Backing Up Data from a Non-Bootable Hard Drive
Backing up data from a non-bootable computer can be a challenging task, especially for those who are not familiar with computer hardware. However, with clear instructions and the right tools, you can safely transfer your data to an external hard drive. Here’s a straightforward guide to help you through the process.
What You’ll Need:
- A Working Computer: You’ll need access to a computer that is functioning correctly.
- External Hard Drive: This is where you’ll store your backed-up data.
- USB Docking Station or External Hard Drive Enclosure: These are devices that allow you to connect your internal hard drive to another computer via USB. They are sometimes called HDD/SSD enclosures or docking stations, and are available for $25-$50 on Amazon (click here to view hard drive docking stations on Amazon).
- Screwdriver: To open your computer case and remove the hard drive (if necessary).
Steps to Follow:
- Remove the Hard Drive from the Non-Working Computer:
- Unplug the computer from power.
- Open the computer case using a screwdriver. For laptops, this usually involves unscrewing the back panel. There are often guides to how to open specific computers if you search YouTube for your specific computer model + the words hard drive replacement.
- Locate the hard drive. It’s a rectangular metal box inside the computer (3.5 inches for desktops, 2.5 inches for laptops).
- Disconnect the cables attached to the hard drive, remove any screws holding it in place, and gently remove it from the case.
- Connect the Hard Drive to the USB Docking Station/Enclosure:
- Attach your hard drive to the docking station or place it inside the enclosure, making sure it connects securely to the internal connector.
- Plug the docking station or enclosure into the working computer using a USB cable.
- Access the Drive on the Working Computer:
- Power on the working computer and let it boot up.
- The computer should recognize the hard drive as an external device. It will appear as a new drive under “This PC” in File Explorer.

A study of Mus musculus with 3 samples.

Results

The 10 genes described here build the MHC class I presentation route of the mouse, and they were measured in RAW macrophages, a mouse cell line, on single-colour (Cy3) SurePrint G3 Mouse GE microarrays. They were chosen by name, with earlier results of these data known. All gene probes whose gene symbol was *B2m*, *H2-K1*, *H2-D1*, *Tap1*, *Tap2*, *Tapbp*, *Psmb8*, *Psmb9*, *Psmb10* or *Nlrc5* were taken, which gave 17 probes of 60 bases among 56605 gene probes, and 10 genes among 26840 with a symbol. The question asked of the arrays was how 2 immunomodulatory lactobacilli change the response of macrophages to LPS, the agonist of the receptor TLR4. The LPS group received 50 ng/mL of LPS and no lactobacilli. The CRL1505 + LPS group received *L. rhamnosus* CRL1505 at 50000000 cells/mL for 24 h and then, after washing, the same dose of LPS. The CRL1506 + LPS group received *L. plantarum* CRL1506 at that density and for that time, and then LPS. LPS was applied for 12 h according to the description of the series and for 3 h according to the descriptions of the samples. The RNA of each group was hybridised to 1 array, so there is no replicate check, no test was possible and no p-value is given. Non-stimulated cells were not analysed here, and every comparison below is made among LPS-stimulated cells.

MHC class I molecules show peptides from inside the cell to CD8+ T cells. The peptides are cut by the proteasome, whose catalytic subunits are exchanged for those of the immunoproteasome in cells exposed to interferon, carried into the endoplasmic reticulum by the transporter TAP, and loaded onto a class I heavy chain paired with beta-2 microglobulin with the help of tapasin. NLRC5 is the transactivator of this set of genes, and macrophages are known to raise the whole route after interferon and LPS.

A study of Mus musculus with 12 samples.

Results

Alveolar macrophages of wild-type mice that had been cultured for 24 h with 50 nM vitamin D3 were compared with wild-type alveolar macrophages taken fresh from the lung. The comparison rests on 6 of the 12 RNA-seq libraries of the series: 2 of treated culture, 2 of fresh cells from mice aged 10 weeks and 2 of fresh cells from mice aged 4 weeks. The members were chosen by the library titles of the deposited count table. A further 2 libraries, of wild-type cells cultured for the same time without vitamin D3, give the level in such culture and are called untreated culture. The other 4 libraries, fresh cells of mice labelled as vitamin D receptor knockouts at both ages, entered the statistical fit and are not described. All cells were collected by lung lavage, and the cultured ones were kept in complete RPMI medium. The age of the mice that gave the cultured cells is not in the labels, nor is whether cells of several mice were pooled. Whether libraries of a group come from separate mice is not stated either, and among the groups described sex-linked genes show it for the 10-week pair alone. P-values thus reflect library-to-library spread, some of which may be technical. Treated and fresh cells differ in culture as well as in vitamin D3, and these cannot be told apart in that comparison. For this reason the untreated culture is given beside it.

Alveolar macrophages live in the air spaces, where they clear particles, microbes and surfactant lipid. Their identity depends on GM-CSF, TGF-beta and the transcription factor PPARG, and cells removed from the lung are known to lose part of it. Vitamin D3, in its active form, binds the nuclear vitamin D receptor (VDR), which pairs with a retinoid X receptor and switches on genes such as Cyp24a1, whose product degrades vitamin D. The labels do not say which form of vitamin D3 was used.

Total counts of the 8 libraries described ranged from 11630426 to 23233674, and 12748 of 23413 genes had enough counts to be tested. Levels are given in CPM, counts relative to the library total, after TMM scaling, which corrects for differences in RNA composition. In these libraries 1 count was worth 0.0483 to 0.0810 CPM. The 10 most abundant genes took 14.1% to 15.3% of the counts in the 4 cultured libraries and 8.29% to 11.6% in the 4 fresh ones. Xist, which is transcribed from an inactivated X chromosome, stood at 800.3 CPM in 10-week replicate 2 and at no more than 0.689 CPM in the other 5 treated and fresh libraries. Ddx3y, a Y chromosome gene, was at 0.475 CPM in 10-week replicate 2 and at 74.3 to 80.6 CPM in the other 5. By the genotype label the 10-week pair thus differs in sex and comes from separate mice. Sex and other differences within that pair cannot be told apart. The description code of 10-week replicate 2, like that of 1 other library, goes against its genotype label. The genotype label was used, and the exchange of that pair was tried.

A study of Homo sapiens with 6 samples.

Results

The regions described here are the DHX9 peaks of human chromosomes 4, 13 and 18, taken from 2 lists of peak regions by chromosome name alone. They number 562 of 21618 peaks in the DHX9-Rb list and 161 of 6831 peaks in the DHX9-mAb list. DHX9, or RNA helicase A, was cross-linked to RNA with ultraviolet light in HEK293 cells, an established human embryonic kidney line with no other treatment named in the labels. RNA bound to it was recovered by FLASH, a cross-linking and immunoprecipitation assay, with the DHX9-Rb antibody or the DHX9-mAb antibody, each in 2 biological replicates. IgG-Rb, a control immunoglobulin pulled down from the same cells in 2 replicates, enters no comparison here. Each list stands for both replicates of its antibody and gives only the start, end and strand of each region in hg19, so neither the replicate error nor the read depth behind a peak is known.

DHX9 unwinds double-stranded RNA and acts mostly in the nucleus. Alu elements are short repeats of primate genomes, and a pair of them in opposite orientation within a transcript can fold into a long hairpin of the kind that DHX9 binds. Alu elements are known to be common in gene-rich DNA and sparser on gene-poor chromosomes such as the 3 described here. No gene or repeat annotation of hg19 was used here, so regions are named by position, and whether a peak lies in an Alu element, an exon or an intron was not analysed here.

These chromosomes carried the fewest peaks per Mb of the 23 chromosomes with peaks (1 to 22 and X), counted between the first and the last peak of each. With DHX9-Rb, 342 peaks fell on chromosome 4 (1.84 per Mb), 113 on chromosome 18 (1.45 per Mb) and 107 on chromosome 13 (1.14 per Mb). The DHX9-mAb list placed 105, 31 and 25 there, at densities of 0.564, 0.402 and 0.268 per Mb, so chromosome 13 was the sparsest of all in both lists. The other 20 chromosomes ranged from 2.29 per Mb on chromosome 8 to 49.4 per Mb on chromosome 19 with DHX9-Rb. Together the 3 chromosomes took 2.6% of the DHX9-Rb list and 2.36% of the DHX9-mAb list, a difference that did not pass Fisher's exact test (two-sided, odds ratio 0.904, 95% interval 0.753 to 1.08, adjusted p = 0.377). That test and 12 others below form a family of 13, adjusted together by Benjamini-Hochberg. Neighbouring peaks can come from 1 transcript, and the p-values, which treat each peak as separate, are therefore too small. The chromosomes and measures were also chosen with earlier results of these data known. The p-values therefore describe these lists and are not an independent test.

- Transfer Data to the External Hard Drive:
- Connect your external hard drive to the working computer. The computer should recognize this hard drive as an external device that will also appear as a new drive under “This PC” in File Explorer (with a different drive letter).
- Open this external hard drive in a separate file explorer window (so both drives are now open in their own window).
- Open the folder with the docked drive, navigate to the “Users” folder, then open your personal username from the new window.
- Once you’ve opened the user folder for your username, you can select all the visible folders, then copy and paste them to the external hard drive folder in the other window to start transferring your data.NOTE: If you encounter permissions errors while trying to access files, simply click continue and wait (a long time sometimes) for your computer to grant itself ownership of the drive.
If this method was unsuccessful, you can also try:
- Right-click the icon for the hard drive in the “This PC” folder, then select Properties.
- Go to the Security tab and look for the user name or group section.
- If you do not have access to that folder, click the Advanced button.
- Once in the Advanced Security Settings window, go to the Owner section at the top, then click the Change link. Doing so should bring up the User or Group window.
- Once the User or Group window is up, choose Advanced.
- Enter your User Account name, then click Check Names. You can also click the Find Now button. Once you see the list of available accounts, choose your account, then click OK.
- Remember to select the “Replace owner on sub-containers and objects” option, then click OK to save the changes.
- Safely Eject Both Drives:
- Once the transfer is complete, safely eject the internal hard drive and the external hard drive from the working computer.
- Be Gentle: When handling hard drives, be gentle and avoid shaking or dropping them, as they can be damaged easily.
- Static Precautions: Avoid static discharge by grounding yourself before handling the internal hard drive. Touching a metal object can help.
- Labeling Cables: If you’re uncomfortable with technology, take pictures or label cables before disconnecting them to ensure easy reassembly.
By following these steps, you can successfully back up your data from a hard drive that’s in a non-bootable computer. Remember to handle your hardware with care and take your time through each step.